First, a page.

Salvadorans voted in the presidential runoff. (AP)

Monday, March 10, 2014

On March 9, Salvadorans headed to the polls for the country’s second-round presidential election, but because the results were so close, the country’s electoral authorities said they could not call a winner. The Supreme Electoral Tribunal (TSE) said it would complete a recount by March 12 or 13.

According to the preliminary count on March 9, the governing Farabundo Marti National Liberation Front (FMLN)’s Salvador Sánchez Cerén won 50.11 percent, while Norman Quijano of the Nationalist Republican Alliance (ARENA) won 49.89 percent. During the second round, initial numbers indicated that voter turnout—at around 60 percent— was higher than during the first round.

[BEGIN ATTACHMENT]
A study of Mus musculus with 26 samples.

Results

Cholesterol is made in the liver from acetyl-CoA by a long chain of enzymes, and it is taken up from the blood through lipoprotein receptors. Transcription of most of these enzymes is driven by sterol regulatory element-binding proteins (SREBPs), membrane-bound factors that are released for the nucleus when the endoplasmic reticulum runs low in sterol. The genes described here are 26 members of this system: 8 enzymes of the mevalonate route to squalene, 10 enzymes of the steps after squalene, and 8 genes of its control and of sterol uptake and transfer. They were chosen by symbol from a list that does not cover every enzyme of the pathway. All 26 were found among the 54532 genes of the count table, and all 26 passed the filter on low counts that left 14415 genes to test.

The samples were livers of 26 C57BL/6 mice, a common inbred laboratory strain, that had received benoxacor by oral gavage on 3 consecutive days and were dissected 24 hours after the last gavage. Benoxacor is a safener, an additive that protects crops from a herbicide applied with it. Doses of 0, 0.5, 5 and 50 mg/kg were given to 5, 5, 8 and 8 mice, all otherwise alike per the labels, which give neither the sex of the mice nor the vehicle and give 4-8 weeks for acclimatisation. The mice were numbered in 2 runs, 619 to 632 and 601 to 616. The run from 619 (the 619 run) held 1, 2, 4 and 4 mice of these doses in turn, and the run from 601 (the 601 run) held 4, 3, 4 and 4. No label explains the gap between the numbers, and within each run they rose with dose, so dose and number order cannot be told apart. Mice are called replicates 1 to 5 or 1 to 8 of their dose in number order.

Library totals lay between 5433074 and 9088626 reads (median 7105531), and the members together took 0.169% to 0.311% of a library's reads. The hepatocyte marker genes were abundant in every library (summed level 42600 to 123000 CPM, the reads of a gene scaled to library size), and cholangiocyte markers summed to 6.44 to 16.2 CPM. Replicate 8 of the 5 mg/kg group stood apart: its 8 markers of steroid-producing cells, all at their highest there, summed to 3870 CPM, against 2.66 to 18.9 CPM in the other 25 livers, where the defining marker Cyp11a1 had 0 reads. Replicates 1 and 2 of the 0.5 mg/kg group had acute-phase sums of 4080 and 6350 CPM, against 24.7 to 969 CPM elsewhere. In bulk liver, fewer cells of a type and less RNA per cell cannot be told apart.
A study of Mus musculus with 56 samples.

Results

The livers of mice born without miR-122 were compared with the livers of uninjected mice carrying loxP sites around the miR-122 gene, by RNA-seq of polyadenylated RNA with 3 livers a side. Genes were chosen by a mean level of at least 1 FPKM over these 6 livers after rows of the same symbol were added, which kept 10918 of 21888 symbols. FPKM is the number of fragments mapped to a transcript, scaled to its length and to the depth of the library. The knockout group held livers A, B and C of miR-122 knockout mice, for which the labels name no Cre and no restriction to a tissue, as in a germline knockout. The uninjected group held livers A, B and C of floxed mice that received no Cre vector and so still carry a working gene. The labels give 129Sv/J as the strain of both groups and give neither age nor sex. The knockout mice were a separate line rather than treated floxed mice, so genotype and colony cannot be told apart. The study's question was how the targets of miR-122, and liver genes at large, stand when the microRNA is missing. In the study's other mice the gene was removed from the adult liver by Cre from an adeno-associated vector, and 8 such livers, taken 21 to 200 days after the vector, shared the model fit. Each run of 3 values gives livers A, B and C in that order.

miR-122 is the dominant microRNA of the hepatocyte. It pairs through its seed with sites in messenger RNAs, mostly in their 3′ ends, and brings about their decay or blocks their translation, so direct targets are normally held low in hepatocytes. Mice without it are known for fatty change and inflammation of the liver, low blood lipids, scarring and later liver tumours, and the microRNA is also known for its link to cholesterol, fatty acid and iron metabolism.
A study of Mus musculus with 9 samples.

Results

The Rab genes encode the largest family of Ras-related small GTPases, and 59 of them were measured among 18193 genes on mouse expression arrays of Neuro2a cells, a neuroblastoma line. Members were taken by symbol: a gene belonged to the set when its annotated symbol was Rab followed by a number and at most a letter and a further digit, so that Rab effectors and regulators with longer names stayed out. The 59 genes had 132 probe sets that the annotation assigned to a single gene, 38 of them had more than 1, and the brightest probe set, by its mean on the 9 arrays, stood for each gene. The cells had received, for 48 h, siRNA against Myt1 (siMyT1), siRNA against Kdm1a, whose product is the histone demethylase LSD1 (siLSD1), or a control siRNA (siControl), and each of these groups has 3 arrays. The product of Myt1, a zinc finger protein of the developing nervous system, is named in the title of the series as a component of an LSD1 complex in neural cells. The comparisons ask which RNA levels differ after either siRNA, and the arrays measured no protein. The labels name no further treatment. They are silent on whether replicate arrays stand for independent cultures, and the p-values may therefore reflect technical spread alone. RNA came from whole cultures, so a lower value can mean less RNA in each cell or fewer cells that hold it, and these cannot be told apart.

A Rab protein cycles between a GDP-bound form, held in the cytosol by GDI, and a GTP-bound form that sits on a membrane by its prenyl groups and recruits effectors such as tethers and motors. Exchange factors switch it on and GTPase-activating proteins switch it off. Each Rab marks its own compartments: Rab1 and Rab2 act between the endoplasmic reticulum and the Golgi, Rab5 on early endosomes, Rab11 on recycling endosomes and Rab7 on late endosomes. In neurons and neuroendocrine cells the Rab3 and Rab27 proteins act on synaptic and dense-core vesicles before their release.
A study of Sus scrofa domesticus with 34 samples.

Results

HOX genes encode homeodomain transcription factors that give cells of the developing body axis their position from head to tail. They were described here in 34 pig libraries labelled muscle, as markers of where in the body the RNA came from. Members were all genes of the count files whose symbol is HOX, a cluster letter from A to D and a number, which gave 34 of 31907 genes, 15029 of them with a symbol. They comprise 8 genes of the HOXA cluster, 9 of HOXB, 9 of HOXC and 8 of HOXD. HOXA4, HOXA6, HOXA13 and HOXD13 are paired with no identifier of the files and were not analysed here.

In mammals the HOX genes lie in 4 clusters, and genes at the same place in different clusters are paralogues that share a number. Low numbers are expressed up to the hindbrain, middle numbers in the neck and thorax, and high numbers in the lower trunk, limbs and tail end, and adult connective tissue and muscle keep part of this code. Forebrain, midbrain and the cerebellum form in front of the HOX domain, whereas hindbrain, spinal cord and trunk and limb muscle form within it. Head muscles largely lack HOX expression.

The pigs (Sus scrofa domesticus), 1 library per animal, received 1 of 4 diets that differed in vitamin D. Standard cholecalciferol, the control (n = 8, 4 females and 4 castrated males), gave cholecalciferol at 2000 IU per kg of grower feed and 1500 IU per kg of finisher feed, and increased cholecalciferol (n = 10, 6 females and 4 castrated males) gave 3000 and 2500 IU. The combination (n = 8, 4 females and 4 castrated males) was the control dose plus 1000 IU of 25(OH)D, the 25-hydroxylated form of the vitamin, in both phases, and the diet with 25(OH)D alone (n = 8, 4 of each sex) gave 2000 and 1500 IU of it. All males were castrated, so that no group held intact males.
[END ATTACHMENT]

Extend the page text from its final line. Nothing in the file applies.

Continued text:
As this TSE graphic shows, the two candidates were separated by less than 7,000 votes.

Each candidate won exactly half of the country’s 14 departments, as this map from La Prensa Gráfica depicts.

Both candidates claimed victory. Sánchez Céren vowed to continue the work of the ruling FMLN and to abide by the Constitution.

He also promised unity. “We are going to govern for everyone, for those who voted for us, and those who did not,” he said.

Meanwhile, Quijano also said he had won and claimed there was foul play at work.  "We are not going to allow fraud...We are 100 percent convinced that we have won," he said.

Given the close margin, one factor that could impact the final count is votes from overseas. This year marked the first time that expats could vote abroad. But on Sunday, only about 2,700 expatriate votes had been counted, with more ballots expected to arrive later by mail.